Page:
Punishment with a knout. Whipping was a common punishment for Russian serfs. (Image: Wikipedia)
Although serfdom was officially abolished in 1861, its underlying principles live on in Russian thinking and official practice, Kseniya Kirillova says, with most Russians accepting the idea, backed by the Kremlin, that someone born in Russia “forever remains ‘the property’ of this country.”
Such a person, she says, as three current cases show, “cannot choose for himself another motherland, another country or even occupy another side. He does not have the right to support those whom Russia has declared to be enemies and in general doesn’t have the right of choice of an identity.”
The three cases, involving Akhtem Chiygoz, a Crimean Tatar in Russia-occupied Crimea, a second, Denis Bakholdin, a pro-Ukrainian Russian, and Vladimir Yegorov, an activist of Yabloko opposition party, appear quite dissimilar, Kirillova says; but in fact, they all show that “the logic of serfdom” continues to dominate Russian thinking and practice.
That is perhaps not surprising given that as recently as 2014, Valery Zorkin, then chairman of the Russian Constitutional Court, publicly expressed regret that serfdom had been abolished because it was, he said, one of the chief factors binding the Russian nation together into a single whole.
But Zorkin was wrong to think serfdom was really abolished, Kirillova says. It continues to inform Russian official thinking. “No legal factors can shake this fanatic certainty of the Kremlin [that] any individual born in Russia or somehow connected with it to the end is required to remain loyal to [the master].”
No one born a Russian, “according to the logic of the Kremlin,” can become an American or a German. He or she will remain for all time “’a defective Russian.’” And that view is so strongly held that even if the Kremlin doesn’t derive any direct benefit from persecuting those who cross it on this point, the Russian powers that be continue in that tradition.
Sometimes they attempt to kidnap people. Other time, they simply “liquidate” them. But they invariably make “absurd accusations of treason” against people who have done nothing deserving that classification. They even engage in “’Russification of the dead,’” claiming or reclaiming for the Russian nation those who fled Russia and took citizenship in other countries.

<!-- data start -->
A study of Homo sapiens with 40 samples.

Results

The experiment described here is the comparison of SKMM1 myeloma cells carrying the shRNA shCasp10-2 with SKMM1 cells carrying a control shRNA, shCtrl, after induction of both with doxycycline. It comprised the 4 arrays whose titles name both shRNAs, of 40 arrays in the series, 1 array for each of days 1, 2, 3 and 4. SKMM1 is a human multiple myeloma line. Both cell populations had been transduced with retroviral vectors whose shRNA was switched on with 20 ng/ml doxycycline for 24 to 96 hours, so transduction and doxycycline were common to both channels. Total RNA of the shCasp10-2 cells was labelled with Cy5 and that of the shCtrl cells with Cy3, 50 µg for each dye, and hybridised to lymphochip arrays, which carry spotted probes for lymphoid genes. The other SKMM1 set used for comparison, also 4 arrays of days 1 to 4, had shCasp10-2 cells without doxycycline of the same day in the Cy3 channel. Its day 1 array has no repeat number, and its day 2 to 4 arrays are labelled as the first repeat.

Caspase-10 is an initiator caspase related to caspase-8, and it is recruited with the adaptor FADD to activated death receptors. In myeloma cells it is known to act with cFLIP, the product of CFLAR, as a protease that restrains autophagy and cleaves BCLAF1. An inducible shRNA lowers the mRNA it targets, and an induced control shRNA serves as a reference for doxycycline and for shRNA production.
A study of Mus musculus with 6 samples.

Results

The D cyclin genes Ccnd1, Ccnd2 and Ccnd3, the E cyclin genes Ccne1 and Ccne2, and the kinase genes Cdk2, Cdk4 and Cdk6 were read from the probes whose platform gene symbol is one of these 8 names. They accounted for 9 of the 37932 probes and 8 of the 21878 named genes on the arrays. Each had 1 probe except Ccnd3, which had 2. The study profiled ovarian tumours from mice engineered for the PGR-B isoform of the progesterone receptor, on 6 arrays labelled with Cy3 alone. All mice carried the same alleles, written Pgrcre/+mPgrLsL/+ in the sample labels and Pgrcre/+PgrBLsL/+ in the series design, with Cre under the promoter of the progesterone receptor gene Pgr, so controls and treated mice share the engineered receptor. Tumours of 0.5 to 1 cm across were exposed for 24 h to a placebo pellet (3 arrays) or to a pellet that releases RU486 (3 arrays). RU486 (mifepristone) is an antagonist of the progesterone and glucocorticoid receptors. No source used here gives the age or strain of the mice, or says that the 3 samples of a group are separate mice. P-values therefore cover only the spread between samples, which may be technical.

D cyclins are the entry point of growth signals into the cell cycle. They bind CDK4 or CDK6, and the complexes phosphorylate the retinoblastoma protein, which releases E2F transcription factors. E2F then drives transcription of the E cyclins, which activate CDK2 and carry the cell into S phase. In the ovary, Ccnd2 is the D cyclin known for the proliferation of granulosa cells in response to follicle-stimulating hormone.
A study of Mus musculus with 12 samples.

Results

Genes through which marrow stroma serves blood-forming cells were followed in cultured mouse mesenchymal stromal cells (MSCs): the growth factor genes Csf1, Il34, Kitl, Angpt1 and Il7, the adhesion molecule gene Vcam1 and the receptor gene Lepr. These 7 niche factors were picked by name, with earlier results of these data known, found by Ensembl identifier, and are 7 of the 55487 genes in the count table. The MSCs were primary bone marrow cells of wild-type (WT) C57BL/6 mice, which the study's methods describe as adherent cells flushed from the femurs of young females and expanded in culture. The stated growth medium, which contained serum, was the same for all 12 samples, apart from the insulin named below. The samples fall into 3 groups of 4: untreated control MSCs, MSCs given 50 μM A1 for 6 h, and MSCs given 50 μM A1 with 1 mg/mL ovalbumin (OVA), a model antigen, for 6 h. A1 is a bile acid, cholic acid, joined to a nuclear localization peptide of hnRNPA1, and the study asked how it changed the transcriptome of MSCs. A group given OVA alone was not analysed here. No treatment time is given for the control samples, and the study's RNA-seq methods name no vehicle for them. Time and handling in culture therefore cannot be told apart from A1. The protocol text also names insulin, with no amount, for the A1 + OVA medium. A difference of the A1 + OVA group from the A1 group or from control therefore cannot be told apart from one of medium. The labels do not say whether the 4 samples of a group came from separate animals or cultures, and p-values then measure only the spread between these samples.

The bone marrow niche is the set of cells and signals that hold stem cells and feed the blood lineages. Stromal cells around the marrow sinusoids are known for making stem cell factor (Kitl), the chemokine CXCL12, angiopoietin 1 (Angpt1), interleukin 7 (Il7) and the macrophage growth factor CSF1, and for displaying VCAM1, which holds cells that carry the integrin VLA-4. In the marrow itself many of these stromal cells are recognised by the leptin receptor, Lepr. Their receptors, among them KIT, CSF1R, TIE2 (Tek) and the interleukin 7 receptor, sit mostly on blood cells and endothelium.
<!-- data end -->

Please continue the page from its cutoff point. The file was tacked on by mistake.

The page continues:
The Russian authorities have extended this notion to occupied Crimea, clearly believing that since Moscow has absorbed it, it has made it a region with serfdom as well. Its residents must accept the new powers and become Russians. To do otherwise is to challenge the power of the lord.
Still worse, Kirillova continues, Moscow extends the notion of serfdom beyond individuals to “entire regions and peoples” whom it does not regard as having any right to self-determination. But worst of all is this: this attitude is not confined to the powers alone. It is shared by the overwhelmingly majority of Russians, including many living abroad.
One might even speak of this as a manifestation of “’the Stockholm syndrome of serfdom.’” As a result, those who want to escape “’the Russian world,’” just like those who want to escape “’a Satanic cult’” do not have a chance to “leave either alive or dead” in the view of the masters of those cults.
At least, they don’t, Kirillova says, “until ‘the empire’ itself collapses, having met a worthy response to its aggression” against others.